The Best Grilled Cheese
The recipe calls for crisping country white bread slices in a skillet on one side before topping them with cheese and sautéed shallots. The open-faced halves finish cooking in the oven before being pressed together into a traditional sandwich.
It almost pains me that such a simple technique produces such a brilliant result: perfectly golden bread flanking perfectly melty cheese. This discovery made my week. I can finally check “learn how to make a grilled cheese sandwich” off my bucket list and focus on other pressing matters, like “learn how to make pancakes” … if only Lucques served brunch.
One final note: This technique would work very well for making grilled cheese for a crowd. All of the bread slices could be browned ahead of time (which would be the only time-consuming step), and the open-faced sandwiches, which cook in 8 minutes, could all be assembled on a sheet pan until game time. Lucques serves this grilled cheese with an apple and arugula salad, the perfect complement to a perfect fall meal. Perfect.
Sautéed in butter with fresh thyme, these shallots might just be the most delicious things I’ve ever eaten:
Peasant bread makes the best grilled cheese…
… really, it does.
Source: Bon Appétit
Notes: I have never make the apple salad, though it sounds absolutely delicious and the perfect complement for such a sandwich. Also, I go with about 2 oz. of cheese per sandwich, though I can’t imagine 4 oz being so bad.
Update: I now brown the bread a little differently thanks to a tip left by Trina — thank you! — in the comments. These changes apply to step 2. First, I spread one half of each slice of bread I with mayonnaise — it doesn’t burn as easily as butter, and the bread browns evenly every time. Second, instead of using butter in the pan, I use about a tablespoon of grapeseed oil — the high smoke point prevents it from burning. Butter, of course, works, but this is my preferred method these days.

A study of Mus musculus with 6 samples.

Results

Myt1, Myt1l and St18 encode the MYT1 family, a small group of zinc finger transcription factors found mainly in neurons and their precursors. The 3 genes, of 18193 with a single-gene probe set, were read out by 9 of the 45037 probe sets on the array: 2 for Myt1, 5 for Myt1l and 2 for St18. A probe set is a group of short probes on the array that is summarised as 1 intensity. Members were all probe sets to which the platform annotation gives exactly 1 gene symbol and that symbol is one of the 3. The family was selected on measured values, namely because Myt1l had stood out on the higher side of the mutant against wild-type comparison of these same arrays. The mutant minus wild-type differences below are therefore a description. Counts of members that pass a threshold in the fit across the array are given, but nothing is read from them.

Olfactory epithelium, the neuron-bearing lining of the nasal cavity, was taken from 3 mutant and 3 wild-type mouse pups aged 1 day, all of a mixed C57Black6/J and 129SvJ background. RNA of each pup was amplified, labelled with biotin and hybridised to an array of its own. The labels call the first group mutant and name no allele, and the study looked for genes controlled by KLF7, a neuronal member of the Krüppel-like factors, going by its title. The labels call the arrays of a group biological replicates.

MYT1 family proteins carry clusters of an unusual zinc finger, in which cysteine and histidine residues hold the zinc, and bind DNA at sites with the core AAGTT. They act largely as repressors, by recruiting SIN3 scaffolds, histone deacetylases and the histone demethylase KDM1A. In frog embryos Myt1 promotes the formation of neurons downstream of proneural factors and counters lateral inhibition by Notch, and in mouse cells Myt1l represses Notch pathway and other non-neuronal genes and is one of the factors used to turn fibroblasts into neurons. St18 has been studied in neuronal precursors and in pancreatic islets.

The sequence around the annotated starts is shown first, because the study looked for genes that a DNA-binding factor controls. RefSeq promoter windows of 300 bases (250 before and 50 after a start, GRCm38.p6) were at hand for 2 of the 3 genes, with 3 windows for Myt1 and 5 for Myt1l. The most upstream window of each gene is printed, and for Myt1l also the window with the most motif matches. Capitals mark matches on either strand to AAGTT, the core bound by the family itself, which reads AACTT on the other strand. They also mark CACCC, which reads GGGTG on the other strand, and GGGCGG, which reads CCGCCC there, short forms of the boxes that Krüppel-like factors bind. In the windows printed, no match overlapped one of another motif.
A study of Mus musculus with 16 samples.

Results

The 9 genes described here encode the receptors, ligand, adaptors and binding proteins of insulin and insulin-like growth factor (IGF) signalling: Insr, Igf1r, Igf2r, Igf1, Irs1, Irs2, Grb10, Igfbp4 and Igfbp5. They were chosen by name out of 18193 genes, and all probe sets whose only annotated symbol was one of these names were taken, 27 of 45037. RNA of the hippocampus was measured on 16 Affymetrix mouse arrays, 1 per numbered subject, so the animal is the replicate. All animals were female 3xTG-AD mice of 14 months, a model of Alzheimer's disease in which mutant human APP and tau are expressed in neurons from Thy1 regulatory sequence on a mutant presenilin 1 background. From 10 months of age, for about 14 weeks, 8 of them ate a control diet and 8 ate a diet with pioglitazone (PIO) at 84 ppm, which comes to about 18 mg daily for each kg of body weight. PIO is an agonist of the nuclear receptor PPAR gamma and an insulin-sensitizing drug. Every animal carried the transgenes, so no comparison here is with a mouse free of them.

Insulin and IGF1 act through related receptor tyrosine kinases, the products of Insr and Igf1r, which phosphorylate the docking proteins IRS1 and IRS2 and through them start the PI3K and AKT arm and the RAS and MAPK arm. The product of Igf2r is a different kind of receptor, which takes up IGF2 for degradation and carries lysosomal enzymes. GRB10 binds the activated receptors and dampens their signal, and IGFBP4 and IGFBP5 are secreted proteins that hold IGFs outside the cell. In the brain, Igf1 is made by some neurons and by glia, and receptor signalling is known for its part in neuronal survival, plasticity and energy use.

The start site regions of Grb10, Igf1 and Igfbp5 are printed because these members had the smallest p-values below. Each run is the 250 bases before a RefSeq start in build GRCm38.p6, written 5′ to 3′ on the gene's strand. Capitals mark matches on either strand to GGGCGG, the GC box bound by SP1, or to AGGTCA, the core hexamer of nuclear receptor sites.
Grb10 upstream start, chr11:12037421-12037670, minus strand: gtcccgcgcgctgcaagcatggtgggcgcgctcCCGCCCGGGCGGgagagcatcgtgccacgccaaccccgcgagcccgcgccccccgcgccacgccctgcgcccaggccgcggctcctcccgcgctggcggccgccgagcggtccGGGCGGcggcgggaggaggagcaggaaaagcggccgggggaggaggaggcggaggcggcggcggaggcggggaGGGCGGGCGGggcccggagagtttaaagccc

- 4 tablespoons unsalted butter, divided
- 3/4 cup 1/4-inch-thick sliced shallots
- 1 teaspoon fresh thyme leaves
- Kosher salt and freshly ground black pepper
- 4 1/2-inch-thick white bread, peasant bread is highly recommended
- mayonnaise, see notes above
- 8 ounces Gruyère or Comté sliced 1/8-inch thick
for the apple salad:
- 2 cups arugula
- 1/2 apple (such as Pink Lady or Fuji), cut into 1/4-inch slices
- 2 tablespoons fresh lemon juice
- 2 tablespoons extra-virgin olive oil
- Preheat oven to 400°F. Heat 2 tablespoons butter in a small saucepan over medium heat. When butter begins to foam, add shallots and thyme; season with salt and pepper. Cook, stirring continuously with a wooden spoon or spatula, until shallots begin to soften and caramelize, 4–5 minutes; remove from heat and set aside.
- Heat a large heavy-bottomed skillet over medium heat. Working in 2 batches, add 1 Tbsp. butter and swirl in pan to melt butter and coat bottom of pan. Spread a little mayonnaise on one side of each slice of bread. Add 2 slices of bread to pan and cook until golden brown and crisp on the bottom, 2–3 minutes. Transfer bread, toasted side down, to a rimmed baking sheet. Repeat with remaining butter and bread slices. Divide cheese evenly among bread slices; top cheese with reserved shallots.
- Place baking sheet in oven and bake until cheese is melted, 7–8 minutes.
- Combine arugula, apple slices, lemon juice, and oil in a large bowl; toss to coat and evenly distribute. Season salad to taste with salt and pepper.
- Press 2 pieces of bread together, melted cheese sides in; halve sandwich on a diagonal and place on a plate. Repeat with remaining bread slices. Divide salad between plates.